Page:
A recent security report has revealed that hackers have developed a fake Pokemon NFT card game that allows them to access the users’ PCs remotely through a remote access tool.
Fake NFT card game goes viral
Hackers have reportedly taken advantage of the famous Japanese media franchise, Pokemon, fans by launching a fake NFT card game. The phishing page was flagged by a South Korean cybersecurity company called Ahnlab and its emergency response unit ASEC.
According to an ASEC report, the hackers tried to sell the cards as NFTs. Users had to install a remote access tool known as NetSupport Manager to access the cards. The software device gave the hackers on the other end access to the PCs that installed the software.
The malware used in the website is a tool that threat actors have commonly abused to exploit users’ computers. The tool is typically distributed through phishing and spam emails. In this regard, the ASEC team identified that the NetSupport tool was maliciously being spread from a peculiar website branded with Pokemon’s famous characters, including Pikachu.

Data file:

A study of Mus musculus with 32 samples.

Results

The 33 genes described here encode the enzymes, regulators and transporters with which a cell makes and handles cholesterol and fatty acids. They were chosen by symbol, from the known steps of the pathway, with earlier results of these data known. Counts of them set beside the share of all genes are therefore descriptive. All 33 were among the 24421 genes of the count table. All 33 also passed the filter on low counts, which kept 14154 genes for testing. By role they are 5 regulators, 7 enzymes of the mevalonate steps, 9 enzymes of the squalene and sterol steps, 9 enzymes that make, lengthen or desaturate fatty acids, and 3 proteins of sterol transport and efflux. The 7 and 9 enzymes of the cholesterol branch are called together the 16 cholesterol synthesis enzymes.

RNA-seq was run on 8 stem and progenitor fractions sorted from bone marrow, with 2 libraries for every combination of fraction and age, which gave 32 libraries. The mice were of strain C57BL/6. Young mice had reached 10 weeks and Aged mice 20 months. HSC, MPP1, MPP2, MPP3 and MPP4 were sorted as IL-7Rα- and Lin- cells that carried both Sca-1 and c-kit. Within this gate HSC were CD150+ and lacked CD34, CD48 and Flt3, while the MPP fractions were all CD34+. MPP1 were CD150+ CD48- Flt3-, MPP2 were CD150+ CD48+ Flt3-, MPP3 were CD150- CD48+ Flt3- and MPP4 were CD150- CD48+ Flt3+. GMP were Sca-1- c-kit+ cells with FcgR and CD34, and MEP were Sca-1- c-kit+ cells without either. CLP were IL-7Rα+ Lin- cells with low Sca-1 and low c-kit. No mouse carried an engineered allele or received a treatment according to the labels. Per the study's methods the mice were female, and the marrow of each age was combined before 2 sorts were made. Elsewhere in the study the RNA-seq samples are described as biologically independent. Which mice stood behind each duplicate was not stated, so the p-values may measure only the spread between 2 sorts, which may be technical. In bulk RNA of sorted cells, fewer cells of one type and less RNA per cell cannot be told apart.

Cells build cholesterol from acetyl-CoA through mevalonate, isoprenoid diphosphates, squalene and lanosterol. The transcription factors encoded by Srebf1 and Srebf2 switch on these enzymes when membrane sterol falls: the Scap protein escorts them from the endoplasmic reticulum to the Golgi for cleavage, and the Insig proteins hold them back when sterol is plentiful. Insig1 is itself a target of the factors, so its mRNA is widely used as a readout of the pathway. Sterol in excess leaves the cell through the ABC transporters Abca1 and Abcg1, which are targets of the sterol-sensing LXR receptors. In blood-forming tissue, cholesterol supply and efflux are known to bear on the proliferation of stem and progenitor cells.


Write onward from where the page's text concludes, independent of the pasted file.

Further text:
The website was well-designed and branded to the extent of convincing NFT enthusiasts and Pokemon lovers to give in to the scam. Hackers use the remote access tools, such as TeamViewer and Anydesk, to get personal information from oblivious users, including credit card information and bank account details.
Pokemon strives to protect its brand
Pokemon is working hard to protect its brand. In December, the company initiated a legal battle against the Kotiota game developers of PokeWorld, for illegal trademark infringements.
According to Pokemon, Kotiota Studios allegedly advertised the play-to-earn game using Pokemon characters like Pikachu. The company also added that it had not affiliated with the game developers in any way.